The Employment Appeal Tribunal confirms the correct approach to determining the substantial adverse effect of an employee’s disability

  • Posted

Mr Elliott was a Geographical Information Systems Manager for Dorset County Council for more than 34 years.

His new line manager brought disciplinary proceedings against him. During those proceedings, Mr Elliott’s union representative suggested he consider obtaining a referral to establish whether he was on the autistic spectrum. An independent assessor, to whom Mr Elliott was referred with low mood and anxiety, also decided he should be assessed to determine if he had autism spectrum condition.

In July 2018, the Council proposed restructuring. Mr Elliott said he accepted redundancy because “there was an agreement that the disciplinary proceedings would be discontinued and he could leave the employment of [the Council] with redundancy and notice pay”.

In 2019, Mr Elliott was diagnosed with an autism spectrum disorder and Asperger’s Syndrome.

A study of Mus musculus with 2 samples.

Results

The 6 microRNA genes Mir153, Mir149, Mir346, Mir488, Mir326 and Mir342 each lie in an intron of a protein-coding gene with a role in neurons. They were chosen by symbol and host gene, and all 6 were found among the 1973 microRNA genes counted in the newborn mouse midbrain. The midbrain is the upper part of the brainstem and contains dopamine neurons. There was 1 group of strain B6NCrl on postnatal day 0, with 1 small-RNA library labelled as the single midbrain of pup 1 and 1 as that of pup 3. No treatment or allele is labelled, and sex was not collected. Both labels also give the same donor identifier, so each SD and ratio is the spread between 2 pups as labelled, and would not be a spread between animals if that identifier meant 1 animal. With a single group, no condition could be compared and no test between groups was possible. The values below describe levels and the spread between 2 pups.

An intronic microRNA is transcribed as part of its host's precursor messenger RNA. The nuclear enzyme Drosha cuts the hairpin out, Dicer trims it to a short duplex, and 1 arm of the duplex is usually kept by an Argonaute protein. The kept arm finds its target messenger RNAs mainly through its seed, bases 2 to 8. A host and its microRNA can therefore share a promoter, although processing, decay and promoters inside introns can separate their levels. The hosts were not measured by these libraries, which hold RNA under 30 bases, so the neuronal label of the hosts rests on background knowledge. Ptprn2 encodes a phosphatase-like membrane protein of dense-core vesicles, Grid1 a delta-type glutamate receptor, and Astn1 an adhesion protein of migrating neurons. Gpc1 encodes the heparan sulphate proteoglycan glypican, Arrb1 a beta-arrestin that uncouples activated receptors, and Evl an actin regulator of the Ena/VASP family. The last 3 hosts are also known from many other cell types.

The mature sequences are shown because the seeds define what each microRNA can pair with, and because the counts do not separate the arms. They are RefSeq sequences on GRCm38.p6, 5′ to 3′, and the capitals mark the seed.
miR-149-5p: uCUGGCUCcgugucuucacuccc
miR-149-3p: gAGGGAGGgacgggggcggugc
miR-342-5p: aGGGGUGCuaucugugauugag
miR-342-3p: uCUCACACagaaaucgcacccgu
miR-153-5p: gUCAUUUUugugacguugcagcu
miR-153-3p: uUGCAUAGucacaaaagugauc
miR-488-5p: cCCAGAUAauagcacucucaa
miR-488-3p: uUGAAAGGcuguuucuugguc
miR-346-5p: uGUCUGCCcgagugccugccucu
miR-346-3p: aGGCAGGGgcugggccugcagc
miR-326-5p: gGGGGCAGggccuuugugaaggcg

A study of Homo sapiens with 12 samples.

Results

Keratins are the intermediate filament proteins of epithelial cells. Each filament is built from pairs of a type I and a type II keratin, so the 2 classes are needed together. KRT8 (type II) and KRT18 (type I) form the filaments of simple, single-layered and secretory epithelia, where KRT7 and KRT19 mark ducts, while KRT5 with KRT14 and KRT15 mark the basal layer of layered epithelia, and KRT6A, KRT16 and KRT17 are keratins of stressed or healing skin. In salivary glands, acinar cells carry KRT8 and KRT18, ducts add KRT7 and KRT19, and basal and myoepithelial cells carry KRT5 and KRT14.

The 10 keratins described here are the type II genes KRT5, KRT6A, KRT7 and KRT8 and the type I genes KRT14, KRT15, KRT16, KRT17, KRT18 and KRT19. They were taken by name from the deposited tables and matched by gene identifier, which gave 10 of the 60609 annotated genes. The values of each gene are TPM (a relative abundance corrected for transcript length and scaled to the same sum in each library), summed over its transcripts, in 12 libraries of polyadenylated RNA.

Mr Elliott brought claims of unfair dismissal and disability discrimination against the Council.

The Equality Act 2010 defines disability as a “physical or mental impairment” which has a “substantial and long-term adverse effect” on a person’s “ability to carry out normal day-to-day activities”.

An Employment Tribunal Judge found that Mr Elliott was not disabled within the meaning of the Equality Act at the material times. Mr Elliott appealed and the case went to the Employment Appeal Tribunal (EAT).

The EAT considered the statutory definition of “substantial”, which is “more than minor or trivial”. If the impairment is deemed to have more than minor or trivial adverse effect on the person’s ability to perform day-to-day activities then that is likely to be the end of the matter. If the impact of the impairment is unclear, then further guidance may be considered.

The EAT explained that the focus of the “substantial” adverse effect test was on the things that the person either cannot do, or can only do with difficulty, rather than on the things that the person can do.

The EAT remitted to a new Tribunal the question of whether Mr Elliott was disabled.